Mouths Don’t Speak
Katia D. Ulysse
208 pages, $11.96
Reviewed by Elliott Turner
“The stench of dead bodies trapped under the rubble was overpowering” reports an anchorman to the horror of Jacqueline Florestant, the Haitian-American protagonist of Mouths Don’t Speak (Akashic Books, 2018). She has family in Haiti and an earthquake recently devastated the island. The novel opens with Jacqueline agonizing from afar over news of the earthquake. With telephone and power lines down on the island, she must get updates from journalists and broadcasters tending to “go wherever the tragedy was raw and fresh.”
In this dark and stirring domestic novel about family, loss, and mental health, Jacqueline tries to make good with her estranged family in tragic circumstances. Her efforts, though, do not always end as one would hope. Ulysse expertly captures the grief of expats witnessing a tragedy from afar, while also critiquing the globetrotting 24/7 news cycle that feeds off disaster porn.
Jacqueline feels anxiety, powerlessness, and depression; she is informed, but only superficially in terms of body counts. She has no luck calling her parents’ residence. She must wait and it’s agonizing. Her depression worsens; she stops showing up to her job as a teacher, and soon suffers from irregular sleeping patterns and nausea. She has a nervous breakdown, and eventually gives in to self-medication. She takes a pill “no bigger than an ant” and feels like she’s “floating above the couch.” The solution to her despair is not to find hope and support from those around her, like her husband and child, but a prescription to feel nothing. To exist but not be present.
Mental health and familial support — or the lack of it — are two key themes explored with compassion and detail in this novel. Very early on in the narrative, we learn that, even before the earthquake, Jacqueline’s marriage to Kevin was unhappy. Kevin, a soldier, suffers from PTSD after three tours in Iraq, and his mental health issues are largely unresolved. Like Jacqueline, Kevin self-medicates; he gets pills from a pharmacy in Canada. Also, due to his paranoia, he keeps a gun in the house, against Jacqueline’s wishes.
Kevin and Jacqueline share responsibilities and form the shell of a family unit, but lack affection and warm feelings towards one another. Kevin watches their young daughter, Amber, on Saturdays so Jacqueline can have free time to pursue artistic endeavors, but she still wishes that “the entire week [c]ould belong to her.” There is never any serious talk of couple counseling; they communicate poorly and are quick to anger.
Which raises this question: can the wounded help the wounded? Offering support to a depressed friend or relative can be taxing and difficult, and even more so when you yourself suffer. In the first half of the novel, the prospects for either character getting help, giving help, or the marriage improving appear grim.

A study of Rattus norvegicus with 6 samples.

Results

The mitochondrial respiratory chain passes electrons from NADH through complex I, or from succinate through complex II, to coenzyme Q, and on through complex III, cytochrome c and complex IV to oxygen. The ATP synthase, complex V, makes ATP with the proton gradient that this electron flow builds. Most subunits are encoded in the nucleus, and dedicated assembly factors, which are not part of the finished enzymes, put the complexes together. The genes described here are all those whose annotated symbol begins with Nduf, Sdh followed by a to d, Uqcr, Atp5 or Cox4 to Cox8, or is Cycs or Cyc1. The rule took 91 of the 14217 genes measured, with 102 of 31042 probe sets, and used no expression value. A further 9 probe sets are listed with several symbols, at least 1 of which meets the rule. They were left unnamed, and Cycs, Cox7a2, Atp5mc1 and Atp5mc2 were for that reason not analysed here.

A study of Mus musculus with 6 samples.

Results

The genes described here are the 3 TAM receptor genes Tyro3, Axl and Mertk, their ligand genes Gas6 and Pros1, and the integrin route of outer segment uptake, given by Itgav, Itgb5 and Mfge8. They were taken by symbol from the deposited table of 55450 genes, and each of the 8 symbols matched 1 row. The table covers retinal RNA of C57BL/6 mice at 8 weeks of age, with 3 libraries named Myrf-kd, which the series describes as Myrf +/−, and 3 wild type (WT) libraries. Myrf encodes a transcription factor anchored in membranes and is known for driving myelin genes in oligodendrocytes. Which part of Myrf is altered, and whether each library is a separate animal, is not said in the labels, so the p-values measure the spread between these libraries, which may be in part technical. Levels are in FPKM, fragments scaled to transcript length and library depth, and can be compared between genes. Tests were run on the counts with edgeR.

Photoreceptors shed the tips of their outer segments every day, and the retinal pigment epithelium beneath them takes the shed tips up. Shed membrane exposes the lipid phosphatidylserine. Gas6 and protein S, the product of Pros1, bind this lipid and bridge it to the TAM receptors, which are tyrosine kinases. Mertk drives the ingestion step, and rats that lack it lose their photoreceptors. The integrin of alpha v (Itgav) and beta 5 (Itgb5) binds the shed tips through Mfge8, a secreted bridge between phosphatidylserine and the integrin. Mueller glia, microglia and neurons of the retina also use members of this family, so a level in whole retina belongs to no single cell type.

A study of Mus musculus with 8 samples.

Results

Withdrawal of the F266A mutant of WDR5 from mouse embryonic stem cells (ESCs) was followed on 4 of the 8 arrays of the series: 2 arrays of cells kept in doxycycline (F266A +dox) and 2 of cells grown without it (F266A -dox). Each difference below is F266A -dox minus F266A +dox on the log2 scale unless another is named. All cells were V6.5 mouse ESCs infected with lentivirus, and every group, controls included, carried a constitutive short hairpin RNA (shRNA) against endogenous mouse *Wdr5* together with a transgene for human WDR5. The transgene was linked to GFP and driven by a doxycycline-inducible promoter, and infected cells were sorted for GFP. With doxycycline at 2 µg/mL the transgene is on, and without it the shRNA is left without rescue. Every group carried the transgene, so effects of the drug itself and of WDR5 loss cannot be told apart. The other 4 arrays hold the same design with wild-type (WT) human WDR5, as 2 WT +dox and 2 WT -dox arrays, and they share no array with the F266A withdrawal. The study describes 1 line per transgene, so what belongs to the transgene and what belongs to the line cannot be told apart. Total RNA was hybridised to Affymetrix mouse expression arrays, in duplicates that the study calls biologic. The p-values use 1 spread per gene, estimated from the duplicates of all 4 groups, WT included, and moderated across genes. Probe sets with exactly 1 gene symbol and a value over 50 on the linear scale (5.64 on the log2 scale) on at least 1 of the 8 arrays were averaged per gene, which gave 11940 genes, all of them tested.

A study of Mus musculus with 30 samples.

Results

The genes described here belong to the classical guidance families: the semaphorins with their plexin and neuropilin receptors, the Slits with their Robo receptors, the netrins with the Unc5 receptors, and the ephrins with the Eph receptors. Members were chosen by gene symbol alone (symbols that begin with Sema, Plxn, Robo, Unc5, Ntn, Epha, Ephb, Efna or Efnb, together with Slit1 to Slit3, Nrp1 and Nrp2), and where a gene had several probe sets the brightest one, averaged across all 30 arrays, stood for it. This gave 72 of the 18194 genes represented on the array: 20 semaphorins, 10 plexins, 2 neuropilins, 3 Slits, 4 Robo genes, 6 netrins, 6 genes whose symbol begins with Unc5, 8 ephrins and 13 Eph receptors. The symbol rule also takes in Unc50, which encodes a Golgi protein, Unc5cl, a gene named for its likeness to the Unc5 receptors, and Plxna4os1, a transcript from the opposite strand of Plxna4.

Where family fails, friendship does offer a sliver of hope, in the form of Jacqueline’s budding friendship with Leyla Guerrier. Jacqueline wanted to improve her rusty Creole language skills, and saw Leyla’s instructor ad. So, on her free Saturdays, they start to meet in a coffee shop. In addition to language lessons, Leyla ends up providing comfort and support to Jacqueline. Leyla is somebody that can listen to Jacqueline without recrimination or passing judgment.
The latter half of the novel turns toward Jacqueline’s relationship with her parents. She and Amber visit them at their estate which boasts an impossibly tall privacy gate, a swimming pool big enough to swim laps, grounds covered in peacocks and breadfruit trees. It is a multi-story mansion with marble floors and “fit to receive royalty.”
Inside the posh setting, we quickly learn that all is not well and may never have been. Her mother is vain to an unsavory degree: she primps and preens in front of her vanity every morning while obsessing over clothing and country club gossip. Her father’s lethargy involves drinks on the veranda while skimming the newspaper from sunrise to sunset. Neither parent ever liked Kevin very much, which caused tension between them and Jacqueline, and we soon realize that the prospects for reconciliation are slim — Jacqueline’s parents are still too self-interested.
Ulysse shows that wealth is not a proxy for support, affection, and emotional well-being. The novel is a moving look at an individual’s resiliency in the face of tragedy and also arrested development by contagion. When no strong bonds of affection exist, who can we turn to for support? In Mouths Don’t Speak, the answer is not always family, and not always who you most expect. Or would hope.